It may be difficult for some observers not to read something deliciously catty into French Socialist President François Hollande hosting Britain’s opposition Labour Party leader Ed Miliband in Paris on Tuesday. Miliband is the first U.K. official to visit the Élysée since Hollande’s May victory, a meeting that seemed deliberately planned to tweak Miliband’s political foe, Conservative U.K. Prime Minister David Cameron.
After all, Hollande watched in February as Cameron used an official visit to Paris to publicly back the re-election drive of his “friend,” fellow conservative and then presidential incumbent Nicolas Sarkozy. Less than a month later, Hollande’s request to meet with Cameron during a campaign jaunt to London was refused — a move widely interpreted as a sign that Cameron did not want to help the Socialist candidate beef up his international profile. And in June, Cameron created a stir ahead of a G-20 meeting by pledging to roll out “the red carpet” for French millionaires deciding to flee Hollande’s sworn 75% income tax rate on the rich.
Little wonder, then, that some observers viewed Miliband’s arrival in Paris as a case of political payback. “Hollande’s Red-Carpet Revenge on Cameron,” taunted a headline in London’s Independent.
The killjoy reality, however, is that any Hollande swipe across the Channel appears to be an afterthought — if even that. Élysée officials say Miliband’s visit is simply part of the broad contacts Hollande wants to nurture between his government and leaders of European parties of the left and right alike, as he seeks to find the elusive way out of Europe’s hydra-headed debt and monetary crisis.
“You can’t have strong and fruitful partnerships with fellow European countries if you limit yourself to speaking with only one part of them,” says an Élysée official. “David Cameron knows this, was duly informed of Mr. Miliband’s visit and was receptive to the meeting. He’s very aware this visit is neither a personal swipe nor politically motivated against him. We consult with all responsible and respectable parties and officials.”
Miliband’s Élysée visit was only one of a trio of meetings planned for him in Paris — all with fellow leftists. The Labour leader also huddled with Socialist Prime Minister Jean-Marc Ayrault and Socialist Party chief Martine Aubry. The agenda of talks was generally the same: the alarmingly high youth unemployment rates all E.U. nations are battling. That plight has lifted joblessness among the young to 52% in Spain, 36% in Italy and over 20% in both the U.K. and France.
The objective of Miliband’s Paris meetings was to discuss ways youth unemployment may better be battled at the European level than it is exclusively by national initiatives. That, however, is an angle of attack that fans suspicion the Miliband sojourn is more politically edged than the Élysée is letting on.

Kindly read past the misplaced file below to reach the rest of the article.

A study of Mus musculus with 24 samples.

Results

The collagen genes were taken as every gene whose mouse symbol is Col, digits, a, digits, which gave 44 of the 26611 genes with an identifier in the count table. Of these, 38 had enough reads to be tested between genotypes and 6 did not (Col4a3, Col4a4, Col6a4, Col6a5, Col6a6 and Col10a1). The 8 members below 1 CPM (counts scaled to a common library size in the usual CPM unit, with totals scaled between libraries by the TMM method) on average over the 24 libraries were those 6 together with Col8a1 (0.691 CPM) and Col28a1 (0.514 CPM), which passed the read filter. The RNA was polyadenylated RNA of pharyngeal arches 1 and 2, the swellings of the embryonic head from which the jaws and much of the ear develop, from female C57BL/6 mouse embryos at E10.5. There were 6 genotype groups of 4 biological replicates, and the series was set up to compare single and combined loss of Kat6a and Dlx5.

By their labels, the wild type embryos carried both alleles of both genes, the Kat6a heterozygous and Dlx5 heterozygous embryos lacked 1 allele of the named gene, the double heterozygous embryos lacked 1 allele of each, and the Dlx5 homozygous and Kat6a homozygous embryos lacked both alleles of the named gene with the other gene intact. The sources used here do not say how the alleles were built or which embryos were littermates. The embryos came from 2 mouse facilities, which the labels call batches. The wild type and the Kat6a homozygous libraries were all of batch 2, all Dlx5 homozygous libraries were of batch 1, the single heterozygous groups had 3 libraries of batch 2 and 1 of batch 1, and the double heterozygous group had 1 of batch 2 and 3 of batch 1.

The reason? Tuesday’s focus on youth unemployment lies within a broader push by all center-left parties and leaders against the austerity remedies conservative governments have imposed across Europe in response to the debt crisis. Hollande’s victory came in large part because of his promises to balance necessary spending cuts with renewed attention on the growth stimulus that all European economies require to quell the current turmoil.
Cameron has been particularly adamant in defending his deep spending cuts to rein in debt — even after they contributed to the U.K.’s slide back into recession. As a result, Miliband and his fellow Labour members have begun decrying the failure of “Camerkozy” austerity — and looking to Hollande’s progrowth policies as perhaps their own ticket back to power.
So doesn’t that mean Tuesday’s Élysée powwow was a de facto meeting of anti-Cameron minds?
“No, though it may be a result of François Hollande having had deeper and more frequent contacts with center-left parties in Germany, Spain, the U.K., etc.,” the Élysée official says. “But these exchanges aren’t limited to leftist peers. We want to consult with all responsible political actors in Europe.”
Skeptics are right to doubt this line, especially given the growing trend of major European leaders trying to influence politics outside their borders. Sarkozy did that when he embraced then Democratic presidential candidate Barack Obama during the American’s 2008 visit to Paris. Sarkozy similarly supported German conservative Angela Merkel’s Chancellor bid — a favor Merkel, like Cameron, returned with interest during Sarkozy’s failed re-election run.
On July 26, Cameron is slated to meet with Mitt Romney during the presumptive Republican candidate’s visit to London. That stop is part of a six-nation tour Romney is staging to broaden his international contacts and bone up on his foreign policy credentials — a courtesy Cameron pointedly denied Hollande.
The London linkup, in the meantime, will allow Cameron to make up for his decision to rebuff Romney’s request for a meeting during a visit to the U.S. earlier this year — one that included a love-in at the Obama White House. For his part, Hollande seems to think life would be easier by making time for whoever may come calling.
“Of course [Hollande] would meet with Mr. Romney if he were to plan a visit to Paris — it’s only normal,” the Élysée official says. “Mr. Romney may not be in power today, but he does represent a party, electorate and segment of American society that’s far too important and influential to ignore when you’re a friend of and partner with the U.S.”